Jim Dicso Wed Jul 15, 2015

Customer loyalty has evolved over the years to keep pace with ever-evolving customers. Customers are influencing every industry today through mobile payments, shopping on the go and consuming content across devices. The consumer is in control and connected in every which way, and this has resulted in the evolution of loyalty initiatives from what they once were.

Because of this, loyalty is no longer a siloed marketing strategy that starts late in the customer lifecycle aimed at strengthening retention initiatives. More and more, brands are acknowledging the effect of loyalty earlier in the customer lifecycle, even in the first 90 days, to drive product knowledge and value in order to combat new customer churn.

Additionally, we’re seeing more and more brand loyalty programs supporting omnichannel initiatives and leveraging transactions across the standard online and in-store channels, as well as across service and support channels.

What changes lie ahead?
Customer loyalty initiatives will begin to emerge even earlier in the customer-brand relationship – at the very onset, in the customer acquisition stages – as opposed to after a customer is acquired. Brands need to have their loyalty strategies in place in these early acquisition stages, especially from a customer experience perspective. If retargeted display ads or abandoned cart emails continue to inundate the customer even after a transaction, it sets the relationship off on the wrong foot.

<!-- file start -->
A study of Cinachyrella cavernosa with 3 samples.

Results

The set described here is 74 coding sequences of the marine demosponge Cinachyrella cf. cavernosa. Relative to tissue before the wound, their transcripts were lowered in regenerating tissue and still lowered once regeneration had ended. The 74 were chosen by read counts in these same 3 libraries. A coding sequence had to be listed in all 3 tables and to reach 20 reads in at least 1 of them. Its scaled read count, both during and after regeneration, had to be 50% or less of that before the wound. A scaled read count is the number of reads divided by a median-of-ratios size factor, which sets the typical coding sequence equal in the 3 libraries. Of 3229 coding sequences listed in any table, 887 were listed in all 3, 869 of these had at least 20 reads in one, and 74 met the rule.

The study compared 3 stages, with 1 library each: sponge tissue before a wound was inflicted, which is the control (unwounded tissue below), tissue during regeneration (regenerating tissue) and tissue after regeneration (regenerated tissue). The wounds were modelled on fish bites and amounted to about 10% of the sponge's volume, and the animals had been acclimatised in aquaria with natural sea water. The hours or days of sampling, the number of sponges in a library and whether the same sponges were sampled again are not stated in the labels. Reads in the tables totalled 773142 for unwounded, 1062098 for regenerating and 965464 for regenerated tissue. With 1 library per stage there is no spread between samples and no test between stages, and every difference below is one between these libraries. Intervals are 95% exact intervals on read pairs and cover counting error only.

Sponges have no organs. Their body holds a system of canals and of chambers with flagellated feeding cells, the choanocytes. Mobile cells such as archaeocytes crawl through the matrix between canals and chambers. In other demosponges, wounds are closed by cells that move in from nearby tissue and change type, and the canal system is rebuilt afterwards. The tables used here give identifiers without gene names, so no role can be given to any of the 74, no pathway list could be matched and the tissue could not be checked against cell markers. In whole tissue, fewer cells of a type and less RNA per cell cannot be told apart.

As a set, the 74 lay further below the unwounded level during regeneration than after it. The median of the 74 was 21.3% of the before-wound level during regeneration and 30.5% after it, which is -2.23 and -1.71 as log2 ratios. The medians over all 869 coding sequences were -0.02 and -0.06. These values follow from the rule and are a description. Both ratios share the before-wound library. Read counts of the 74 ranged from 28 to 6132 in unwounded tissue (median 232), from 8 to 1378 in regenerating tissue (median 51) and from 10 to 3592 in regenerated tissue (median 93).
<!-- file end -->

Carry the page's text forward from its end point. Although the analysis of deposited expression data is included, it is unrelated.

Once we start to see this shift, it will signify the chief marketing officer’s holistic view and understanding of the individual customer’s lifecycle and how to engage with the customer at each and every point, across channels. Because customer motivations evolve and change throughout the lifecycle, marketing leaders need to anticipate them and engage the customer accordingly. It’s not just about loyalty rewards anymore, but about the relationship with the customer.

How to find success
Companies need to stay focused on the characteristics that comprise their ideal customer profile in order to understand the correct loyalty strategies for their brand. Deep loyalty for one brand may mean driving purchases across product categories in order to compete with pure-play retailers such as Amazon. For another company, it may mean a highly engaged customer who loves the products and recommends the brand to friends. Companies should first focus on their ideal customer profile, and allow that profile to dictate the programs and strategies that can drive actions and behaviors of a customer to match the ideal customer profile.

How do you define customer loyalty? Tweet me at @JimDicso to share how your loyalty initiatives are evolving.